According to Gallagher Re's 1st View report, almost all buyers of protection were able to secure their reinsurance coverage at a July 1st, 2022, renewals shaped by economic factors that helped to sustain market hardening.
Following the June 1st reinsurance renewals, all eyes turned to the later mid-year renewals in July, due to a decrease in reinsurer appetite for natural catastrophe risk and a combination of macroeconomic factors.
However, while nearly all buyers were able to secure coverage (implying that some could not fill programs), Gallagher Re notes that in many cases, both attachment levels and reinsurance costs were higher than buyers desired. Furthermore, according to the broker, limited supply in some lines and territories caused stresses not seen in many years.
In its 1st View renewals report, global reinsurance broker Gallagher Re says, "Overall, the reinsurance market's firming trend continued."
Numerous economic factors, including the impact of inflation and rising interest rates on reinsurers' balance sheets and reserves, as well as concerns that a recessionary environment would lead to higher claims frequency, helped to sustain the hardening trend, according to the firm. These factors, combined with sustained loss levels, allowed reinsurance companies to maintain upward pressure on rates at renewals.
As in June, reinsurers' reduced appetite for nat cat exposures impacted property catastrophe renewals at 1/7. This ongoing trend, combined with losses (particularly in Australia), has pushed property cat reinsurance rates up across the board.
However, Gallagher Re notes that some Florida and Australian placements showed signs of pricing distress.
The impact of inflation on underlying portfolios and reinsurer exposures was scrutinized more closely at renewals across all lines of business, with sellers looking to explicitly apply additional inflation loadings if buyers of protection could not demonstrate their own original pricing actions to manage the current trend.
Away from the stressed property market, Gallagher Re notes that long-tail casualty placements remained largely popular with reinsurance companies, despite the ceding commissions debate intensifying as reinsurers' concerns about higher inflation rates and their impact on claim awards grew.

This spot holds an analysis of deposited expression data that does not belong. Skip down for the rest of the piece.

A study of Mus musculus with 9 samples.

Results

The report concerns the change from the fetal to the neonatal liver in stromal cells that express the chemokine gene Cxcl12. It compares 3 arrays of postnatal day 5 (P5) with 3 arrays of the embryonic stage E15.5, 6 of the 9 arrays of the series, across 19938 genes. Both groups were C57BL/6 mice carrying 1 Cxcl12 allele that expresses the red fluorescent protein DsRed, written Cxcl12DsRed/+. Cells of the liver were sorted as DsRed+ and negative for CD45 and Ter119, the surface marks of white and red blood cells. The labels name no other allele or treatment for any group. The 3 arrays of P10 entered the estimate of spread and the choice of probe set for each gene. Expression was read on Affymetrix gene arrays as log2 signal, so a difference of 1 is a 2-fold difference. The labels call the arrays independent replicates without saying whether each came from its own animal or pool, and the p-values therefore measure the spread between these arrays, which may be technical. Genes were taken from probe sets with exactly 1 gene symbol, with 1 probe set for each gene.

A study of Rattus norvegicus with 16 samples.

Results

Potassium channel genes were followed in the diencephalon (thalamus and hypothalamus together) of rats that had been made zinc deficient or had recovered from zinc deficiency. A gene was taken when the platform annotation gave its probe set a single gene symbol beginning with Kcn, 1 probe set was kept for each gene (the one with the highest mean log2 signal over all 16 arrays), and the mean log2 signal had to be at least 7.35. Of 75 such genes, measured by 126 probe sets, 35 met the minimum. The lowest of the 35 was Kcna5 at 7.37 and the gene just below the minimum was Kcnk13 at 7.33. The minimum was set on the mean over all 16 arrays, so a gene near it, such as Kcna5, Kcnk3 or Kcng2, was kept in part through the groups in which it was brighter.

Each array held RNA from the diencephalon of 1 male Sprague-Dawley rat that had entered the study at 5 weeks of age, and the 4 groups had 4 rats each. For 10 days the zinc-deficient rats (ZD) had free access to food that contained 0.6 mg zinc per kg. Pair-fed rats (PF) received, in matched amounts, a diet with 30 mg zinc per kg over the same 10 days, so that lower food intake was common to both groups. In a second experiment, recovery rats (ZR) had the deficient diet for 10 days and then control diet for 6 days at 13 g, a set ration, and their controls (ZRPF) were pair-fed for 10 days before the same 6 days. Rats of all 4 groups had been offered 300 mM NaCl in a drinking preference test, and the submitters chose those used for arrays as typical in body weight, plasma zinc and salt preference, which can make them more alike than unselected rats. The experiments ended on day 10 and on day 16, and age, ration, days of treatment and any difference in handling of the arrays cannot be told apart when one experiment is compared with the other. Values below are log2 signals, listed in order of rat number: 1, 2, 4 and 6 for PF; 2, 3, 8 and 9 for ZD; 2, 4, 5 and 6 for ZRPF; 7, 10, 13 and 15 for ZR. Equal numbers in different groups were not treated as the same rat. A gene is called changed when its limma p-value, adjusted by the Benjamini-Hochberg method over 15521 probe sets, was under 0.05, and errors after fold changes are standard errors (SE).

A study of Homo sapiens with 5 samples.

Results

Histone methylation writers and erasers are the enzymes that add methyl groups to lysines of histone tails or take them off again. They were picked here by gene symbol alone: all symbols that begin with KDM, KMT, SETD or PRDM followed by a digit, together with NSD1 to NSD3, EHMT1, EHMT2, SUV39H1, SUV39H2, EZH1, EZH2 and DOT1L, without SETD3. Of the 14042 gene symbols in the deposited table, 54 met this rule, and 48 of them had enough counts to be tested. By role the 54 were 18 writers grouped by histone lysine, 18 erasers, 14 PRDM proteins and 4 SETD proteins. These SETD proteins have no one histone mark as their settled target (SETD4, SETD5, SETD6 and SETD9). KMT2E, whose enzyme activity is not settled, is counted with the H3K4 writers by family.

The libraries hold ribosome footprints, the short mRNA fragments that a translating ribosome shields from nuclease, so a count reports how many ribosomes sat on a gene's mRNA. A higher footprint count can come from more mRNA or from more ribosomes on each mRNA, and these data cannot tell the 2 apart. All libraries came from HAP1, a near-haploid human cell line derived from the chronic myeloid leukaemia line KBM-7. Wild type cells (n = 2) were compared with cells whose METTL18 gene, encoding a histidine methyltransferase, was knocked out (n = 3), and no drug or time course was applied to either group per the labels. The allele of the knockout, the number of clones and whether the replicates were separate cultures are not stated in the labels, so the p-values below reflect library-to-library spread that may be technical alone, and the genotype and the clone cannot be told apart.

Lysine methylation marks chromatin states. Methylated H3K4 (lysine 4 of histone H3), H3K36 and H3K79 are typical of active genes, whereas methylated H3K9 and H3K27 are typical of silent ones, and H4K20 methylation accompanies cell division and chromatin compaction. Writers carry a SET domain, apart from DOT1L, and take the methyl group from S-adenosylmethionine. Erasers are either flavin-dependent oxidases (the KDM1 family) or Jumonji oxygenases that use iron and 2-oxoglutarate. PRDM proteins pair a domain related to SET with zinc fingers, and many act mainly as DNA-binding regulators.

The reinsurance broker observes similar conditions to traditional renewals in the insurance-linked securities (ILS) markets, with increasingly selective investors reducing available capacity to some buyers. As a result, the cost of risk transfer via ILS has risen.
Yields and spreads in the ILS space have been rising in 2022, attracting new investors to the asset class. According to Gallagher Re, this has yet to reverse the overall pricing trend.
Given Russia's ongoing invasion of Ukraine, it's not surprising that political and social factors played a role in mid-year renewals. The conflict in Ukraine has focused attention on cyber and war contract provisions. At the same time, Gallagher Re claims that progress toward improved ESG protocols has piqued the interest of cedent and reinsurer stakeholders worldwide.
"Reinsurers are more sensitive to losses and wider external events than they have been since 2008," said James Kent, Global Chief Executive Officer of Gallagher Re. The inflation discussions have been detailed and technical, with reinsurers eager to challenge cedants' model outputs. Most reinsurers are assessing reserve adequacy as interest rates rise, in addition to their concerns about primary rate adequacy in the new inflationary environment. They are being impacted on both the asset and liability sides at the same time, which has strengthened their resolve to maintain the price momentum of the previous two years.
"However, in classes and territories where capacity is limited, commercial considerations have sometimes trumped technical pricing." Relationships are crucial, and competition, while subdued, is still present.
"Within those renewal dynamics, reinsurance buyers were able to obtain the majority of the coverage they desired, if not at the prices they desired."